Camo Paint for your Military Vehicle
In order to put a good quality camouflage paint pattern on your military vehicle, you need to know the pattern layout for your vehicle and the paint colors to use. The charts on this page provide the military camouflage colors, with their FS595 Color Codes.
FMTV truck with reversible camouflaged soft top allowing woodland and tan camouflage. Photo: Courtesy GMA Cover Corp.
Today in WW II: 11 Sep 1944 Following Operation DRAGOON, US Seventh Army links up with Patton's Third Army west of Dijon, France, creating a solid wall of Allied forces stretching from Antwerp, Holland to the Swiss border. More ↓
11 Sep 1944 First into Germany: At 1805 a 5th Armored Division patrol reached the Our River, then waded across, moving from Luxembourg into Germany near Stalzemburg, on the Siegfried Line.
Visit the Olive-Drab.com World War II Timeline for day-by-day events 1939-1945! See also WW2 Books.
Camouflage Paint for Four Color Patterns
The original CARC paint has been replaced by a safer and more environmentally friendly formulation called Water Dispersible CARC (WD CARC). More information about CARC and WD CARC paint is on the linked Olive-Drab.com page. Be sure to read and understand the CARC safefy information if you are not experienced with this type of automotive paint.
The camouflage CARC alkyd enamel paints and colors for the four color camouflage were standardized under the designations in this table:
||National Stock Number
||FS595A Color Code
Military Vehicle Camouflage Paint for Three Color Patterns
Colors for more recent three color camouflage patterns would be from this list of FS595B colors:
|Desert Tan 686
To see what these colors look like, you can use the FS color server. Thanks to MILSPRAY for this information.
Desert Tan 686 (Color No. 33446) is the sole color used for operations in Southwest Asia, a one color camo scheme. See the linked page for more information about desert camouflage.
Selecting Camouflage Paint for Your Military Vehicle
When attempting to match military camouflage painting, you must use a good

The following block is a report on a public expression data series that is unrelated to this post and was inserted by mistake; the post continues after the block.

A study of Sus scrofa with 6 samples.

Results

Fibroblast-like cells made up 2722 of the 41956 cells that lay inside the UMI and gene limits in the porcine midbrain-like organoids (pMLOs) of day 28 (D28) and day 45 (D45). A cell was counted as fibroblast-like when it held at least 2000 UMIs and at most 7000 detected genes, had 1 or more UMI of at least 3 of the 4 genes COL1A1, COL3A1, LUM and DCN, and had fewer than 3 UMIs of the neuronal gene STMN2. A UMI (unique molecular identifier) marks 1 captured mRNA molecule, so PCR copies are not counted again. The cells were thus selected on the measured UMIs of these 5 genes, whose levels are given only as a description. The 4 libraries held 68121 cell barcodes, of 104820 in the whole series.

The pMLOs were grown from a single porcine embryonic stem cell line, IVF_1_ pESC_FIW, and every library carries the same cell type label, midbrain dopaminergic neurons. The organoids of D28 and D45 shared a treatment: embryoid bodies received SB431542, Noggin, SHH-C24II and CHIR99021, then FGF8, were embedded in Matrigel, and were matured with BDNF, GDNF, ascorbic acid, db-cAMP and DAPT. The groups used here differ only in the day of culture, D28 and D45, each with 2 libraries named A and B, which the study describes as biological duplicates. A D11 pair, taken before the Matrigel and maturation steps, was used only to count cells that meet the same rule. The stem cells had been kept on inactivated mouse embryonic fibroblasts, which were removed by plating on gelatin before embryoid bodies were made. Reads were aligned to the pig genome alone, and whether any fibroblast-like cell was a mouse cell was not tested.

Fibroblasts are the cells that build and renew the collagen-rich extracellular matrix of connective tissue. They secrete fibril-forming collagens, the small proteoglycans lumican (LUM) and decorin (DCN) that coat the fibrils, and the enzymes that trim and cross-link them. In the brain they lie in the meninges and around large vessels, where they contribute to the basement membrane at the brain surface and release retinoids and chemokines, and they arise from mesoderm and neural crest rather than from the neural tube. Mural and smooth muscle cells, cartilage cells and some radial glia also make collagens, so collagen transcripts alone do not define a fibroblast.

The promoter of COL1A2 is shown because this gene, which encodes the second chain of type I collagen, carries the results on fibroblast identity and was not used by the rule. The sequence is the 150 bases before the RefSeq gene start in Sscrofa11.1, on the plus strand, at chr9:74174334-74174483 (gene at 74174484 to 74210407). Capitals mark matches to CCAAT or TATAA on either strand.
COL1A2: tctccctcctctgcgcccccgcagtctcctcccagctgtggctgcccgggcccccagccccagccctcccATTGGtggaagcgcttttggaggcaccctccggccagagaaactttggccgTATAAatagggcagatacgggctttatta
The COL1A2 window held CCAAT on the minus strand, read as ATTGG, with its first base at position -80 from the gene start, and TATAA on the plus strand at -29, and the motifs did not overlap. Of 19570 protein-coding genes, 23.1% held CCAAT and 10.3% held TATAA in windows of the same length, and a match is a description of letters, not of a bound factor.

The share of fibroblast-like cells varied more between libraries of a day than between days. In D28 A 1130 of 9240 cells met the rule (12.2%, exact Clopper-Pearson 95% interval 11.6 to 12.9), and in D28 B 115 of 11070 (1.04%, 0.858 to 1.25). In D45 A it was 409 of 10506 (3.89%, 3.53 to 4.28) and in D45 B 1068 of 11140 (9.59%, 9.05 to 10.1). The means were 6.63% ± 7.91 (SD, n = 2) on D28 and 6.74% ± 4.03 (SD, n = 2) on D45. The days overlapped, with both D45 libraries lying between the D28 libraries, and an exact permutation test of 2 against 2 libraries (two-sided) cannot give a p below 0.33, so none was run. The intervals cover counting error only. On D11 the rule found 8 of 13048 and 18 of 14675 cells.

quality paint from a supplier who is either producing paint for the military,
has surplus stocks, or is dedicated to the matching process. Do not use CARC without professional level knowledge and equipment
(see CARC and WD CARC page)! Try the paint in a spray can before attempting any large project. Many MV parts dealers carry Aervoe brand as the most common paint available for this purpose. "The Right Stuff" carries military paint meeting FS 595A in kits for four-color camo and Army
Jeep Parts, Inc. carries Gillespie Coatings Inc. paint which is full mil-spec.
The military specification paints have higher solids content which is initially
harder to use but better long term. Use Olive-Drab Supplier Search to find all the paint dealers.
For small jobs or touch-up you can use model paints; Testors,
for example, has paint which conforms to the FS-595A paint codes you need. There
is quite a bit of material about paint and colors on the web generated by model
enthusiasts. For example, this FAQ
from rec.models.scale and this article from the International
Plastic Modellers' Society (Stockholm) which reproduces Urban
Fredriksson's Color Reference Charts covering military paint colors, the
FS595 standard and information about many manufacturer's paints and colors.
Commercial automotive paints, such as DuPont, PPG, or Sherwin-Williams, can
be mixed in military colors matching the FS595 code numbers. Most automotive
paint shops will look up the color codes and mix it for you. Tower Paint will
do it by phone or e-mail in bulk or spray cans.
A military contractor who been painting camo patterns on TACOM vehicles professionally
for more than a dozen years, working at a facility in Missouri, offers these
I have done the paint work on the M-1000 tank carrier, hemat, patriot
missile canister, newest prototype of the new air defense missile launcher,
radian highoutput generator trailers, and a couple of different types
of gun and missile turrets. Most of the painting is done with a binks
air assisted airless mach2 gun with a bulldog pump. Wash primer is used
on bare metal, which is far worse than carc and consists of half alcohol
and half acid, and then a white 2-part epoxy primer. Using a mach 2, a
sharper edge can be made on your patterns. Most always recommend shooting
the 383 green first because it is usually more likely to streak if not
given more air volume and sometimes blisters when it overlaps uncured
black or brown. Brown is shot on next using a 2-quart pot with a mach1
since patterns are usually much smaller and corners sometimes needed filled
in. I like shooting the black last because it is the hardest to mess up,
as long as you keep the air turned down low so as not to overspray other
We also build a aircraft cargo loader for the airforce called the
60k loader, regretfully, its not camo'd, its actually a mid gloss green.
The primer on the loader is probably the worst health hazard we ever had
to deal with. Anybody that works on sanding or painting is required to
wear a full body forced air suit, highly cancerous material, I am not
personally involved with that project so my knowledge goes as far as what
I have only heard about it.
Freshly painted Heavy Expanded Mobility Ammunition Trailer (HEMAT) at an Army facility.
Find More Information on the Internet
There are many fine websites that have additional information on this
topic, too many to list here and too many to keep up with as they come and go.
Use this Google web search form to get an up to date report of what's out there.
For good results, try entering this: paint camo or camouflage or carc. Then click the Search button.